Saturday, October 24, 2009

"right size it"

In yesterday's blog, I posed the question; If having fewer material goods is not "a lower standard living," how do we more accurately describe it?

An answer struck me. I remember that during the recession of the early 1990s, I was working for a computer company (ie, private industry). Many of our business associates were laying people off and shrinking their businesses. They insisted that they were not, let me repeat not, "down-sizing." They were "right sizing." I remember it being a faux pas even to say "downsizing."

Well, that was all rather ridiculous, but I think the term "right sizing" is in fact apt to describe a move to simpler existence. What do you think?


Kari said...

"Right sizing" -- I like it. "Downsizing" has a negative connotation. Though your company didn't use it kindly, "right sizing" sounds so positive ... speaks of where we should be. :)

Diane said...

Hi Kari,

Glad you like "right sizing."

Marshall Massey (Iowa YM [C]) said...

I think the problem here is that the concept of a “right size” of consumption misses the point.

The ruin of the earth is the big problem here — the extinction of species, the destruction of ecosystems, the desertization of soils, and the build-up of greenhouse gases.

And this ruin is not caused by high per-capita consumption alone. It’s caused by the product of population times per-capita consumption plus destruction by society as a whole. Or as a mathematical formula: R = PC + D.

So low consumption doesn’t resolve the problem if population is too high, or if societal destruction is too high. No size of consumption is the right size unless it is in the proper relationship with population and destruction — but any size can be the right size if the overall relationship is right.

Diane said...


I hear what you are saying, and I agree that we have some big problems on our hands. I am thinking, however, that an impediment to change is the notion that any shrinking of consumption is automatically a "lower standard of living" to be fought at all costs. That's where we are now, imho. If we can find different ways to frame a more balanced, sustainable lifestyle, so that people perceive it as a positive force, which it is, not a negative, it will be easier for us to change. Our whole notion of standard of living, with the judgments implicit in it, is a form of blindness. Language, of course, doesn't solve problems, but it does influence them.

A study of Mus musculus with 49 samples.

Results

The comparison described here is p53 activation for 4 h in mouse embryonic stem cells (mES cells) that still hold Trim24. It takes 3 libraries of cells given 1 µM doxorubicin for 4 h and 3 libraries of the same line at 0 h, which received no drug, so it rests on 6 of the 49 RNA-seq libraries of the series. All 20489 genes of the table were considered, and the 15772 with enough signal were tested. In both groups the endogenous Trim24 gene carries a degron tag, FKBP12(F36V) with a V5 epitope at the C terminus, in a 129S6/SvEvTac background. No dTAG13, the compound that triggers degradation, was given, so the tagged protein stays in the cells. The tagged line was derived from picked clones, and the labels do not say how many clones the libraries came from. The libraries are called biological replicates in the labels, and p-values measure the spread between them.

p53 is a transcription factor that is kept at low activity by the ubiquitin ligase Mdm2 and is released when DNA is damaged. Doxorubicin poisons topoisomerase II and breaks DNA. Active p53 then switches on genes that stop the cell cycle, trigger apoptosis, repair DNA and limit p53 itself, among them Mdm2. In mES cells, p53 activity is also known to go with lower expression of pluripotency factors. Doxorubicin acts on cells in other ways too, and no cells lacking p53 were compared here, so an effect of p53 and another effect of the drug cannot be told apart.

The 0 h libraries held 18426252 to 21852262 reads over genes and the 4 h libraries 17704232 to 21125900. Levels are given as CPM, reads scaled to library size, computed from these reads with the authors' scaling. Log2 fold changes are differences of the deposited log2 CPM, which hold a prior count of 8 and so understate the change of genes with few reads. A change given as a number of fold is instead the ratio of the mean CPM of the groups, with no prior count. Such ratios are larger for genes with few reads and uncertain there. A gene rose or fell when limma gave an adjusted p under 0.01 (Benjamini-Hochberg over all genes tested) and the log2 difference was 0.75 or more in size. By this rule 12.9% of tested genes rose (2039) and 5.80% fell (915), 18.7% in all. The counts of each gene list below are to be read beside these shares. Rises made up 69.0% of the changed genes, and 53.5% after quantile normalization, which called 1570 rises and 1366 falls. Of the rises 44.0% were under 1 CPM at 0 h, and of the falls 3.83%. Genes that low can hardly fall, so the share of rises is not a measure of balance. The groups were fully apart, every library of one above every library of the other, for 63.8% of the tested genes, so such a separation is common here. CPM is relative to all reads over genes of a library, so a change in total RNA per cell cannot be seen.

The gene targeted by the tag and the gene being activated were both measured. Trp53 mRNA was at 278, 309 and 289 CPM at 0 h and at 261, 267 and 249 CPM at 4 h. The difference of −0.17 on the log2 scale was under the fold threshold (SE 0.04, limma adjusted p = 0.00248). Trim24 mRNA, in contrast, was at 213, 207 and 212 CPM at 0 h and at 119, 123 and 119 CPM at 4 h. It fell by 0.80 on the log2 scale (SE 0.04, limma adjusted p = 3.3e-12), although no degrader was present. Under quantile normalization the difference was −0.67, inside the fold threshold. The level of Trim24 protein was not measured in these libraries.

Ted M. Gossard said...

I do think we need to gear ourselves more toward simplicity. I'm thinking that the U.S. economy is run too much on what people don't need, and with that comes the cost of debt along with waste and just a poor use of money.

Even though I don't have much hope for society at large, short of some great economic depression or downturn, I do hope that we as God's people in Jesus will learn to more and more exemplify those who live in this world, using it, but not engrossed in it. But living with our mission in Jesus and the kingdom of God in Jesus and the gospel, as primary and everything else lived out in its place, but secondary to that.

Hystery said...

It sounds like what you are talking about is "voluntary simplicity" which is a phrase indicating a social movement and individually chosen lifestyles of economic and ecological sustainability.

Diane said...

Ted and Hystery,

Ted, I agree with you.

Hystery, it is voluntary simplicity I'm talking about but I'm trying to get away from the term simplicity as I think that can get confusing or romanticized.